Brahms (1833-97) devoted much of the 1880s to his three Piano Trios, having decided, as he told a friend, that there was “no further point in attempting an opera or a marriage”. They are among his less familiar chamber works. He originally wrote No 1 as a young man, overhauling it more than three decades later in 1889. All three works – the B major Op 8, C major Op 87 and C minor Op 101 – have a tender, shadowy intensity, without quite the same heart-on-sleeve fervour of the bigger chamber works. The string players here – brother and sister Christian and Tanja Tetzlaff – are regular quartet partners. Together with sensitive pianism from Lars Vogt, ensemble is alert, accurate, never forced: already a favourite CD.
Christian Tetzlaff’s effortless virtuosity, purity of intonation, and slight emotional reticence perfectly suits Sibelius, making this the finest available collection of the Finnish composer’s music for violin and orchestra. In the concerto, Tetzlaff’s relative coolness makes the music sound more like Sibelius and less like a violin concerto, which is all to the good. That doesn’t mean he lacks anything in sheer technique: indeed, his first-movement cadenza impresses as one of the most impressively concentrated and musically satisfying on disc. Tetzlaff’s slow movement sings but avoids panting and heaving, while the finale realizes the music’s gentle melancholy as well as its more thrusting elements. He’s nicely accompanied by Thomas Dausgaard, whose gentle support perfectly suits the overall interpretation.
In this new concerto album one of the greatest violinists of our time, Christian Tetzlaff, performs two standard violin concertos in fresh new interpretations together with the Deutsches Symphonie-Orchester Berlin directed by the orchestra’s exciting new music director, Robin Ticciati. Both Ludwig van Beethoven and Jean Sibelius made outstanding contributions to the history of music as great symphonists. Both composers also wrote a violin concerto – Beethoven wrote his D major concerto in 1806, Sibelius his D minor concerto a century later.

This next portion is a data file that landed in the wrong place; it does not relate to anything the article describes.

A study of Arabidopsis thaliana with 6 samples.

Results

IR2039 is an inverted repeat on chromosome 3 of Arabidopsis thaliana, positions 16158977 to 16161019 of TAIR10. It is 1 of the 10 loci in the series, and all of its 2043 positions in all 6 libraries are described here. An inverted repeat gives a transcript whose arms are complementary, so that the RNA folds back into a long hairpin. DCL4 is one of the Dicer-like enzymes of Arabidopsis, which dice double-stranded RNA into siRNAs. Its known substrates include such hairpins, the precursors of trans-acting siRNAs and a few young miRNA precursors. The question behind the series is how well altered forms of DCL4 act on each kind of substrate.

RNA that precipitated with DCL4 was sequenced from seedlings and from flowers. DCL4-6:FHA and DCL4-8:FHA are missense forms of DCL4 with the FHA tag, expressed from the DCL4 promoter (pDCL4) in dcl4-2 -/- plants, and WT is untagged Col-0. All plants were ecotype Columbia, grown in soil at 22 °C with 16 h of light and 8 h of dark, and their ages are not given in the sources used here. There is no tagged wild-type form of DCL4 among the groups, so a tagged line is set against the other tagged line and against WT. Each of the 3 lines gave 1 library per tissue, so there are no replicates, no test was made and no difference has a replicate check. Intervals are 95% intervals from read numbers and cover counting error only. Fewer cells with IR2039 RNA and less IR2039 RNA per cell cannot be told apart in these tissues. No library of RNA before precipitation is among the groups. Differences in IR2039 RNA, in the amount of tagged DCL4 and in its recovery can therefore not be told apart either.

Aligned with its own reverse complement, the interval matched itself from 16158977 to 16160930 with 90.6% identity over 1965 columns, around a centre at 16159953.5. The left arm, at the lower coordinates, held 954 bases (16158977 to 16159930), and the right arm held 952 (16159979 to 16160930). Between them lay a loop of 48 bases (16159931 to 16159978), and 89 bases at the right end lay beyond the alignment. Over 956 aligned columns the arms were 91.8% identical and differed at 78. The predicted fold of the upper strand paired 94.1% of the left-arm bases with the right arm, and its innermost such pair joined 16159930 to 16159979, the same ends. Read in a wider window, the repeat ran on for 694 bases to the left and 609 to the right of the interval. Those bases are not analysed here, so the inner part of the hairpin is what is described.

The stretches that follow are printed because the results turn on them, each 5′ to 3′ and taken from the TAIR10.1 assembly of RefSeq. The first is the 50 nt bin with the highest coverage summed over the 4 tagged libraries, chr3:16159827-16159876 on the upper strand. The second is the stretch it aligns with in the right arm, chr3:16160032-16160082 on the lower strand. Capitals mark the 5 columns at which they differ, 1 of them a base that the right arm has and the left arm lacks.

Lars Vogt continues his cycle of Beethovens Piano Concertos with the Royal Northern Sinfonia. On this second volume, the recording also includes Beethovens Triple Concerto where Lars Vogt is joined together with his longtime artistic partners Christian Tetzlaff and Tanja Tetzlaff. Vogts recordings of chamber music with the trio have gathered astonishing reviews and recording awards, including a Grammy nomination for the recording of Brahms Piano Trios (ODE 1271-2D).
This performance of the fiery Fantasy in G minor for violin and orchestra, Op. 24, of Josef Suk, with violinist Christan Tetzlaff catching the full impact of the irregular form with its dramatic opening giving out into a set of variations, is impressive. And Tetzlaff delivers pure warm melody in the popular Romance in F minor, Op. 11, of Dvorák. But the real reason to acquire this beautifully recorded Ondine release is the performance of the Dvorák Violin Concerto in A minor, Op. 53, a work of which there are plenty of recordings, but that has always played second fiddle (if you will) to the Brahms concerto. Tetzlaff and the Helsinki Philharmonic under John Storgårds create a distinctive and absorbing version that can stand with the great Czech recordings of the work. Sample anywhere, but especially the slow movement, where Tetzlaff's precise yet rich sound, reminiscent for those of a certain age of Henryk Szeryng, forms a striking contrast with Storgårds' glassy Nordic strings. In both outer movements as well, Tetzlaff delivers a warm yet controlled performance that is made to stand out sharply.